J. Grant Swank, Jr.

“Have some beans—fresh from my garden,” Ray offers upon entering worship.

On other occasions, he brings cukes and fresh eggs. Still other times he walks in with tomatoes and corn.

An offering? No doubt Ray looks at it that way—his giving to God, his sharing with believers. It is a part of his joyous summer ritual. And of course the recipients are particularly grateful for his generosity.

Ray Alley, long-time Windham resident and garden-grower, spends many hours weeding and caring. At 78, he can look back over years of plenty.

On Wednesdays he can be found at the Senior Center assisting with noon meals. Not a pushy fellow, he finds his most comfort in being a background doer. Doing he does best when it comes to Christian witness.

Of course, when needed, Ray can speak up for his Lord; but just as ably he acts out his service before God. Naturally his friends are especially thankful for his sensitivities to others' needs.

Ray’s particular unique worship style is sharing garden produce with others—at the outset of a gathering. The veggies are laid out for willing takers. Following the service, those who came in empty-handed leave with hands full. Delicious morsels are enjoyed at their next mealtime.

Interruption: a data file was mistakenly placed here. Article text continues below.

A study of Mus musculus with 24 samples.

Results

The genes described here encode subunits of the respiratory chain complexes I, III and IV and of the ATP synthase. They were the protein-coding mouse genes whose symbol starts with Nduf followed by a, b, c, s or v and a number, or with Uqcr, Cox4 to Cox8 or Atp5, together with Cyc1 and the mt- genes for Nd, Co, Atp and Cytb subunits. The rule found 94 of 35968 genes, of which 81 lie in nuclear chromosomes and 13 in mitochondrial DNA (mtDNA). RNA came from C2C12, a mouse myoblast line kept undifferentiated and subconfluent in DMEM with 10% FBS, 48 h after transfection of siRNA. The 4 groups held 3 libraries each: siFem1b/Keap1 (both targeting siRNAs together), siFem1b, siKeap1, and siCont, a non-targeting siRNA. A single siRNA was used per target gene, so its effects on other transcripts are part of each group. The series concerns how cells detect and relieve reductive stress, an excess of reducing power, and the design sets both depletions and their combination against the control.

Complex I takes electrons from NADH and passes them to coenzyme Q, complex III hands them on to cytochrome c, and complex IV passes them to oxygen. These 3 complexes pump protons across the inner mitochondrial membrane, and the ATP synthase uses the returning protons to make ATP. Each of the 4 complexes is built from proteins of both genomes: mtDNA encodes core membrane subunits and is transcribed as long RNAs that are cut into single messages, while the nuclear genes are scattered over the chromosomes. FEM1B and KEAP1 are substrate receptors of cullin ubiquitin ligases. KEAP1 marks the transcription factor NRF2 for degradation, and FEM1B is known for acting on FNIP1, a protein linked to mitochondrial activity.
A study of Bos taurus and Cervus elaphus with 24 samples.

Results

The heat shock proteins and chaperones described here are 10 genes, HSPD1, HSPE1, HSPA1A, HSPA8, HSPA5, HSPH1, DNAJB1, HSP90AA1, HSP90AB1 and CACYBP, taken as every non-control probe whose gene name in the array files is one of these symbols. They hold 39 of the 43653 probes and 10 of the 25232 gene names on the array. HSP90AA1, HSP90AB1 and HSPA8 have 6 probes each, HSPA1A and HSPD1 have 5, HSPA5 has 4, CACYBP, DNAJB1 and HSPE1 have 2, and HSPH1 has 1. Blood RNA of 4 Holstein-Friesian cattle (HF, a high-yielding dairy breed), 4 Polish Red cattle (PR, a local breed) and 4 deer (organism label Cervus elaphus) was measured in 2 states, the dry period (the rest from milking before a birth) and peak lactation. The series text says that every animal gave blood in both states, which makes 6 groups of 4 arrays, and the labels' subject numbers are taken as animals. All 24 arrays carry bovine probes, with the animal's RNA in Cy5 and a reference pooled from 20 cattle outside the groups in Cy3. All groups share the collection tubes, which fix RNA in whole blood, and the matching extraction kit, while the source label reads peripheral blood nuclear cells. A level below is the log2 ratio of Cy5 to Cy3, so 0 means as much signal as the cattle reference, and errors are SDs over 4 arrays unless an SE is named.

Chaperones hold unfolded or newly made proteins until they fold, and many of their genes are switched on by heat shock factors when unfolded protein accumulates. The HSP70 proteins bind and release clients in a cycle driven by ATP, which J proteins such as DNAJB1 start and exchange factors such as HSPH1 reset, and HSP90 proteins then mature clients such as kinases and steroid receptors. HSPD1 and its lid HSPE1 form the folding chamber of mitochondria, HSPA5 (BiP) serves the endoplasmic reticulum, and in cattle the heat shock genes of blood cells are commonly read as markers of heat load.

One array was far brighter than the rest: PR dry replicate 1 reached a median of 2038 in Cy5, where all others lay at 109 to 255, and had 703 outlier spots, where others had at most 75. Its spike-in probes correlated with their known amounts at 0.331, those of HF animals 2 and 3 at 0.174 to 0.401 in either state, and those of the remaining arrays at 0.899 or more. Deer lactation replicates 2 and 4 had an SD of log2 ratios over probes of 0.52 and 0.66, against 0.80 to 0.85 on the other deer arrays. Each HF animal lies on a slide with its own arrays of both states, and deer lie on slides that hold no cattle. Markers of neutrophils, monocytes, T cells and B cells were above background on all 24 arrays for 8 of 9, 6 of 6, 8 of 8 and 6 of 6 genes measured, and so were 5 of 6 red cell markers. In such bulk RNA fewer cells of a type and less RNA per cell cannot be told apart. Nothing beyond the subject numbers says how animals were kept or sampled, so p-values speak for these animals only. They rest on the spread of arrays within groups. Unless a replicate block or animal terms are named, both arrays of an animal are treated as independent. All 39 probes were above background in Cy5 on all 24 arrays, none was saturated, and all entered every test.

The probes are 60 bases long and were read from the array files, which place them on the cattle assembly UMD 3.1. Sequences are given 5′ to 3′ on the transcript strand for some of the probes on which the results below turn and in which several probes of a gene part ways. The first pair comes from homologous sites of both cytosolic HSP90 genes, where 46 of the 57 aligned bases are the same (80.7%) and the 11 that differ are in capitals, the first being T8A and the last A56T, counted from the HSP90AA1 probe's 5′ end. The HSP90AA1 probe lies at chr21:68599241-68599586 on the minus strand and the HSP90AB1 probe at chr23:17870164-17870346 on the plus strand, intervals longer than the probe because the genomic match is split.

A tithe of Ray’s income is also a “bottomline” to his obedient Christian faith. A tenth of his income—and sacrificial offerings besides—has been his style since first beginning on The Way. Others may balk at the tithe; Ray quietly explains to new believers that he has found it an undeniable blessing.

Giving garden gifts to friends and offering tithes to God is part and parcel of Ray’s reason for believing.

Maine’s Lakes Region is replete with others who quietly go about their daily Christian testimony. This is the way Jesus commissioned His followers to give forth. He cautioned disciples not to blow their trumpets on street corners; instead He accented performing their good deeds for the Father alone to see.


Because giving can turn in on itself so as to become a selfish gesture for attention and applause. That’s when religion turns sour. Such doing cancels itself out. But when giving for heaven’s glory alone, God notes it for eternity.

I recall a fellow elsewhere who landscaped a striking summit acreage with statuary and religious plaques positioned among flowering gardens. At first glance, the view impressed others with awe. But over time, the outdoor architect revealed motives of self-pride. It became apparent that what he labored on was not really a gift to God but a showcase for his own ego. Sad. His yield bloated his conceit but it did nothing to please heaven’s smile.

That could never be said of Ray and his ilk. They do what they do simply to do for Jesus. That is reward enough. In that, they got hold of why believers are here. Also, they understand that our egos will flash off history’s pages soon enough; it is only what is done in Jesus’ name and for His sake that will outlast us.